Cool theorem about midpoints and parallel vectors from multivariable calculus

This is a cool theorem from multivariable calculus that my professor at Western Michigan University, Steve Mackey, showed us during lecture one day early in the semester.

Theorem: Let \(a\), \(b\), \(c\), and \(d\) be any four points in \(\mathbb{R}^{3}\). Let \(M\), \(N\), \(P\), and \(Q\) be the midpoints between the adjacent points. Then vector MQ must always be identical to vector NP.

I have inserted a picture to help visualize it. I made the picture in PowerPoint, so it’s about as accurate as a hand-drawn picture.

It looks like the points are all in the same plane, but that’s just because it’s easier to draw them that way. They can be any four points in three-dimensional space.

Proof: Start with vector MQ. By the basic rules of vector addition,

MQ = MA + AQ
= 1/2 BA + 1/2 AD
= 1/2 (BA + AD)
= 1/2 BD

Now do the same with vector NP:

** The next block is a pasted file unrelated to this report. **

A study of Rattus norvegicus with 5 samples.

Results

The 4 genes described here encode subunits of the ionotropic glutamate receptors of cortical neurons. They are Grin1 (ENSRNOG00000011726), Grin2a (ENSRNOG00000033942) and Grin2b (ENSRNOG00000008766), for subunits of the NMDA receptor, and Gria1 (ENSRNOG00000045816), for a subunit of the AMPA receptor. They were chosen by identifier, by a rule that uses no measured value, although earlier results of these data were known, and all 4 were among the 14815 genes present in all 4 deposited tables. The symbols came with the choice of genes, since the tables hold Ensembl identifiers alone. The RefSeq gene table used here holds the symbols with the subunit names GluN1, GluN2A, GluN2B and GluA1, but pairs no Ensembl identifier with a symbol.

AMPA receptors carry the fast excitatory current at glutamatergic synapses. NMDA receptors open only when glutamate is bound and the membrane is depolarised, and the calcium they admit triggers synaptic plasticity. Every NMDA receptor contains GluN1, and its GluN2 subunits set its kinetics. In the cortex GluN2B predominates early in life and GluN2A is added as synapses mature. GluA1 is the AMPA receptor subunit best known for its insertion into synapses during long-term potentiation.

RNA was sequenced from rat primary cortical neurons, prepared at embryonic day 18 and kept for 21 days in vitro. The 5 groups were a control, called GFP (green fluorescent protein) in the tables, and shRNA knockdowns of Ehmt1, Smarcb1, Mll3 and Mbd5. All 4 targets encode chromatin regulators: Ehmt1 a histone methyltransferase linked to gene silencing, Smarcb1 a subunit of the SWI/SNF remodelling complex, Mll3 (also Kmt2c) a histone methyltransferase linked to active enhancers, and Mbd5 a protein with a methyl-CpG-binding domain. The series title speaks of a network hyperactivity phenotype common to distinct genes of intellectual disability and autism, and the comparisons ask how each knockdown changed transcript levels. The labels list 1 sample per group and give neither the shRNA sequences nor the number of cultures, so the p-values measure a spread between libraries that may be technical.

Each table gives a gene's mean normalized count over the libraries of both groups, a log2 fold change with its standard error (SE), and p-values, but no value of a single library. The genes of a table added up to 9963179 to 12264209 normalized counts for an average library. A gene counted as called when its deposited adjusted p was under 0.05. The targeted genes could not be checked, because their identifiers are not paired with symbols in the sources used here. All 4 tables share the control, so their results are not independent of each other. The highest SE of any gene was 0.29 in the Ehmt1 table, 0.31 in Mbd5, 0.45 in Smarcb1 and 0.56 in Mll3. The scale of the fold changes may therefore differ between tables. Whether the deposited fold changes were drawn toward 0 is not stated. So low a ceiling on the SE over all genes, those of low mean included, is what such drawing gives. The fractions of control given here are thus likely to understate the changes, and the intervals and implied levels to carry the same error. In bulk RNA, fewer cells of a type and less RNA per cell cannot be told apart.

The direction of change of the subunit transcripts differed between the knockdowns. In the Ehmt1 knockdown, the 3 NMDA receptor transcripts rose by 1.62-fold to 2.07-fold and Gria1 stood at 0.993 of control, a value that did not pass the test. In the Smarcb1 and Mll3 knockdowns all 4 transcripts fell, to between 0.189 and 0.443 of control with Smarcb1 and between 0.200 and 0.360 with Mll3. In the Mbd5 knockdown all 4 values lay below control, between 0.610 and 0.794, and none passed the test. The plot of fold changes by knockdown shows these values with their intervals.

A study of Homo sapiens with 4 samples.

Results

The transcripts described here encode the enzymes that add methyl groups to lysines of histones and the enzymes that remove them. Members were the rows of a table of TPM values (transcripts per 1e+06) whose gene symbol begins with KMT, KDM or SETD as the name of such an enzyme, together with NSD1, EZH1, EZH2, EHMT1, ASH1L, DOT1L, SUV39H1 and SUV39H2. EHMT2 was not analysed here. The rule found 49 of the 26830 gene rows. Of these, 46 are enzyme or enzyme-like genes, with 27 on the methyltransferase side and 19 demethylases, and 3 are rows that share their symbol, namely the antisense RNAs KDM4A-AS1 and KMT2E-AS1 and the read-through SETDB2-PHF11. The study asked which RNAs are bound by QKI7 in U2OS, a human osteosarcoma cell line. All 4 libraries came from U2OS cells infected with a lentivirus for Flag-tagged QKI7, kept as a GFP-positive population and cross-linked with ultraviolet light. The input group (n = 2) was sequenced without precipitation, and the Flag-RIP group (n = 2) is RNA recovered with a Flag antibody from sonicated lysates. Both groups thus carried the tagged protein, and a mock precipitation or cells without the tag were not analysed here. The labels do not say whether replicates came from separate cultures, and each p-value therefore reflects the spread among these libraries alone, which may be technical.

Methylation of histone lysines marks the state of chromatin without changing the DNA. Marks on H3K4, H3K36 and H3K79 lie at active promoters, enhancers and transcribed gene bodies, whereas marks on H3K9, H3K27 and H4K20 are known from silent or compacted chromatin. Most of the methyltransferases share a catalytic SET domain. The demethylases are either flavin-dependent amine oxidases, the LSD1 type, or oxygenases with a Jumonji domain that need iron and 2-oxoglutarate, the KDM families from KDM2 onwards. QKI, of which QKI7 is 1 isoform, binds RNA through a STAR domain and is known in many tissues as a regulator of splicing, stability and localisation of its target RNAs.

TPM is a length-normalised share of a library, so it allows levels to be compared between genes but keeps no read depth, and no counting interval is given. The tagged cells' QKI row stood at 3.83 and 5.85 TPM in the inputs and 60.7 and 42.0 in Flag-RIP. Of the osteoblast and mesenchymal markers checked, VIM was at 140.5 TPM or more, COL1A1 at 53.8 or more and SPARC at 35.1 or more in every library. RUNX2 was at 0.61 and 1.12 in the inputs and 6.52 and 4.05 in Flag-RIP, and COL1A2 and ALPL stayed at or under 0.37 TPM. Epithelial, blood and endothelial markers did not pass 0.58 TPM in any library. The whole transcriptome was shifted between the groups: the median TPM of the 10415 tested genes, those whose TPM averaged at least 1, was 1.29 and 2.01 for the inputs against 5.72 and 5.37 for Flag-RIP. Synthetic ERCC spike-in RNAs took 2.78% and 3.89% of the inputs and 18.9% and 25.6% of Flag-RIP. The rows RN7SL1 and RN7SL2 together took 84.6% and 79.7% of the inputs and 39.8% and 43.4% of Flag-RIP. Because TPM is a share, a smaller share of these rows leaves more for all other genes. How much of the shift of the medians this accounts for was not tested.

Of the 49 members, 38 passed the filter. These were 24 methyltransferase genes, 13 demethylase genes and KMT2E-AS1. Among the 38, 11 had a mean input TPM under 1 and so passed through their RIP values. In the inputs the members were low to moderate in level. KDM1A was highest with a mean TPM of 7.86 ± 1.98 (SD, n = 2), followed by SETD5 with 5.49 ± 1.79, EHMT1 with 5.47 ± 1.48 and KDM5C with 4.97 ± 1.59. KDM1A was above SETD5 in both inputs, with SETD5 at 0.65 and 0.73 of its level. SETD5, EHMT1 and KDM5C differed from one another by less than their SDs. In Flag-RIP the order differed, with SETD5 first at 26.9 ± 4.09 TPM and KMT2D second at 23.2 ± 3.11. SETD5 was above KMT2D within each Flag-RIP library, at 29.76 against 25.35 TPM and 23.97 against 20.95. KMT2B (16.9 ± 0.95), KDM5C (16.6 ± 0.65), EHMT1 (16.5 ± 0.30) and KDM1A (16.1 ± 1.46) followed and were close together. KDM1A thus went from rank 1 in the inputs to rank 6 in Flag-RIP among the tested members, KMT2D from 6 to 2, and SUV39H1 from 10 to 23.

NP = NC + CP
= 1/2 (BC + CD)
= 1/2 BD

Thus, MQ = NP = 1/2 BD. ■

The reason this is so cool is because it holds true for any four points in \(\mathbb{R}^{3}\), which makes it very unexpected. You can rearrange the names of the points and midpoints so that the vector labeled MQ isn’t identical to the vector labeled NP, but then two other vectors will be identical. The point is that given any four points in three-dimensional space, some pair of midpoint-connecting vectors will be identical.

After I wrote this post, I realized something that Dr. Mackey didn’t mention (or at least, I didn’t write in my notes): two other vectors must also be identical. Can you show which ones?